These Ethiopian families used to spend up to six hours a day to fetch dirty water that made their kids sick. But thanks to the help of U.S. Catholics, easier access to clean water has changed their lives in far-reaching ways. Here’s their story, and what you can do with your kids to practice solidarity with people halfway around the world.


by Brian Singer-Towns


Last May, I had the great blessing of traveling with a group of men and women involved in youth ministry to witness firsthand the work of Catholic Relief Services in Ethiopia. My family has been a longtime supporter of CRS, the overseas aid agency of U.S. Catholics, and this was an opportunity to see how our donations have been making a difference. I can assure you that they are being put to very good use, indeed. Here is just one of the many examples I saw in my eight days there.


Bringing Clean Water to 10,000 Ethiopians

This particular project was a community water project, just completed a few months before our visit. The project brought fresh water to 10,000 Ethiopian men, women and children for the first time in their lives. Our first stop was at a “water point,” one of four water distribution locations. Eight or 10 faucets set into a concrete platform allowed people the opportunity to fill their five-gallon water jugs with fresh well water daily. The four water points were strategically located so no family had to walk more than a half hour (one way) to fill their jugs. This still sounded like an inconvenience until we learned that many families had previously spent four to six hours a day traveling for their water!

From there we traveled through the bush and down a small mountain (by necessity, all our travel was in Land Rovers) to the actual well site. There we saw the large diesel engine that pumped the water from deep underground to a reservoir on the mountaintop. We listened as the local people explained how they had dug the trenches the water pipe was laid in, and how they were trained to run and maintain the engine provided as part of the project. Like so many of the projects we witnessed, this was no handout, it was a hand up. From the very beginning the project was identified, planned and executed with and by the people it would serve.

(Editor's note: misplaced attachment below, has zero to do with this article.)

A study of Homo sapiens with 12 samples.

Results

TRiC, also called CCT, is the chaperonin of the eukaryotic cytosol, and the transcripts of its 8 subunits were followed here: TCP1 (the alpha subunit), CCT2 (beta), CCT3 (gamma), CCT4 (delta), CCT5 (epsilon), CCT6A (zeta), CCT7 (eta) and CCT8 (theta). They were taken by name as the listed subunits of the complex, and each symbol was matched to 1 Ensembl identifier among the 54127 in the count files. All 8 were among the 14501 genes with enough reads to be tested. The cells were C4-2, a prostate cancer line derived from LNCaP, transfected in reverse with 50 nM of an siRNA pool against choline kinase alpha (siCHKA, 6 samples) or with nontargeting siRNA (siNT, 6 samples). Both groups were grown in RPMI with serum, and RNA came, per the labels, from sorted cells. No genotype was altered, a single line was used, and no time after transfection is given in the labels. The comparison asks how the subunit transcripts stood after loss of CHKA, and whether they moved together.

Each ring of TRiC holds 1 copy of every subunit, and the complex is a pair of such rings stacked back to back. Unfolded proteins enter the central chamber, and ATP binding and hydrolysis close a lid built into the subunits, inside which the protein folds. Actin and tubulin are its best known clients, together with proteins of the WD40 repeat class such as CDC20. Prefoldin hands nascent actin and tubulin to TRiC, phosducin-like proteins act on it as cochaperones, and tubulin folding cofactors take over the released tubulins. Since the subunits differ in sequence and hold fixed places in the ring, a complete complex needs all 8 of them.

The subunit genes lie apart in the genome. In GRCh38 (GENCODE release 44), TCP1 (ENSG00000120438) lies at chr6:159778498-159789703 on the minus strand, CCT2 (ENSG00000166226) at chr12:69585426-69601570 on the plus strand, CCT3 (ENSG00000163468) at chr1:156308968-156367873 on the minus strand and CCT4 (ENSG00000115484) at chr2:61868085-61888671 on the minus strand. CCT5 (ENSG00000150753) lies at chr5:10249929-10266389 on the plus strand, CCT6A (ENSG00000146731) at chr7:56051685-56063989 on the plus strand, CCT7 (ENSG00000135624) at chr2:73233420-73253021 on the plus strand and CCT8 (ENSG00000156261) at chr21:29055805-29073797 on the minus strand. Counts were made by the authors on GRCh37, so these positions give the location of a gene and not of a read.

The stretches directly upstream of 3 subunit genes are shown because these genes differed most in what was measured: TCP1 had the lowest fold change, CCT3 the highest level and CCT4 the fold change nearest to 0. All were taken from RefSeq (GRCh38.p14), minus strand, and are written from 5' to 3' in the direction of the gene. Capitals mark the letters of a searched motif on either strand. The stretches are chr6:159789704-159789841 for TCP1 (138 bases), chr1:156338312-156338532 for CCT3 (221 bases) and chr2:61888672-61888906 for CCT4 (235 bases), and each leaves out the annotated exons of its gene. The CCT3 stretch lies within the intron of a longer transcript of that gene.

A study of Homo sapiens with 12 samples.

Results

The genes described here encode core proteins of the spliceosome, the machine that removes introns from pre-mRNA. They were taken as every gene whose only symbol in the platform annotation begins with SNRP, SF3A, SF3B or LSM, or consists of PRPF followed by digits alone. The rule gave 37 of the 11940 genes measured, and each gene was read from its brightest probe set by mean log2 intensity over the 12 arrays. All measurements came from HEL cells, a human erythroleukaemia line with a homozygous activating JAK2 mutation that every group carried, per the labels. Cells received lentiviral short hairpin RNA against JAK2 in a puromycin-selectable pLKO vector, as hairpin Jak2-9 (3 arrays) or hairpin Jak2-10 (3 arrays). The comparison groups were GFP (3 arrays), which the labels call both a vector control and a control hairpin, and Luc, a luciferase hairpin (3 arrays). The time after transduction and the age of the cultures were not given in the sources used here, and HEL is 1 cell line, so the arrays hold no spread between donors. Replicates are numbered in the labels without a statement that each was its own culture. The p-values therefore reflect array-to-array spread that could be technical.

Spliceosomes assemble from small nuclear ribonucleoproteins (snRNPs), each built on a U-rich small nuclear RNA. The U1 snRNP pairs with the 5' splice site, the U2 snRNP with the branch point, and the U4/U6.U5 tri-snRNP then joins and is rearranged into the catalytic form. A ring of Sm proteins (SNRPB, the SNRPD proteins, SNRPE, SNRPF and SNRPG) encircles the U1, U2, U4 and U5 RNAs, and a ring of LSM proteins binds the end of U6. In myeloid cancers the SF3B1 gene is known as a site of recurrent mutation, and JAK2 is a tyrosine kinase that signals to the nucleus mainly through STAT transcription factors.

“Our Whole Life Has Changed”

Our last stop was at the water reservoir itself. We were greeted by several hundred people who were singing and dancing in joy at our arrival; a very humbling experience, but we gladly joined the festivities. We heard the most remarkable stories told by two elders, a man and a woman. The man told us how hard it was for their families to find wives for their sons. No family wanted their daughters married to people in an area where getting water (typically women’s work) was so physically taxing. Fortunately, the new well was changing their reputation!

Then the woman spoke. “I have been reborn!” she proclaimed as she jumped to express her joy. She told us of how she used to walk six hours every day to get dirty water from the same ponds and streams that animals drank from and defecated in. The walk left her tired and aching, and then she still had to fix meals and care for her children. Even worse, the water often made her children very sick. Her older daughters missed school because they had to stay home to watch the younger children while she was away.

But now she only has to walk one hour for good, clean water. She feels younger than she has in many years. Her children are healthy and energetic. Her daughters can finish their education and have plans for future careers.  She concluded, “Our whole life has changed, and we thank you for giving us a more hopeful future.”

Her words struck me very powerfully. Who would have thought that such a simple thing as clean water could have such an impact on people’s lives? I always had donated to CRS as part of my commitment to helping people who are less fortunate. At that moment, I realized it was so much more than that. Our donations put us in direct solidarity with people on the other side of the world. We are supporting real people, with real needs, and their own personal stories. And those people think of us and remember us in their prayers with gratitude.

Ways Your Kids Can Connect with African Families (Without Leaving Home)

In keeping with the Church’s commitment to live in solidarity with the poor, here are resources to help your family learn about, pray, reflect and act.

As U.S. Catholics we can be very proud of the work of CRS. Not only are they the largest nongovernmental relief organization in the world, they are one of the most efficient and accountable relief organizations. Ninety-four cents of every dollar your family puts in the Rice Bowl this Lent will help families around the world with food, education, health care, job training, and so much more. And the work of CRS is multiplied by the many partnerships they enter into with local, national and international organizations.


Editor’s note: Gracewatch Media and Peanut Butter & Grace follow the direction of the U.S. Catholic bishops in their statement fully backing the work of Catholic Relief Services: “The statement confirms CRS’ fidelity to Church teaching and cautions the faithful about giving credence to recent attacks on the agency.” You can read the news release and the full statement here.

Brian Singer-Towns, MThS, joined the editorial staff of Saint Mary’s Press after more than 15 years in volunteer and professional youth ministry. He is senior editor at the Press, and general editor of the Saint Mary’s Press Bible line.

Follow Jerry Windley-Daoust:

Publisher, Gracewatch Media

Jerry Windley-Daoust is a writer, editor, and father of five. He writes essays and stories at Windhovering and is the show-runner for Gracewatch Media, a small Catholic publisher. You can follow his latest publishing projects at gracewatch.org.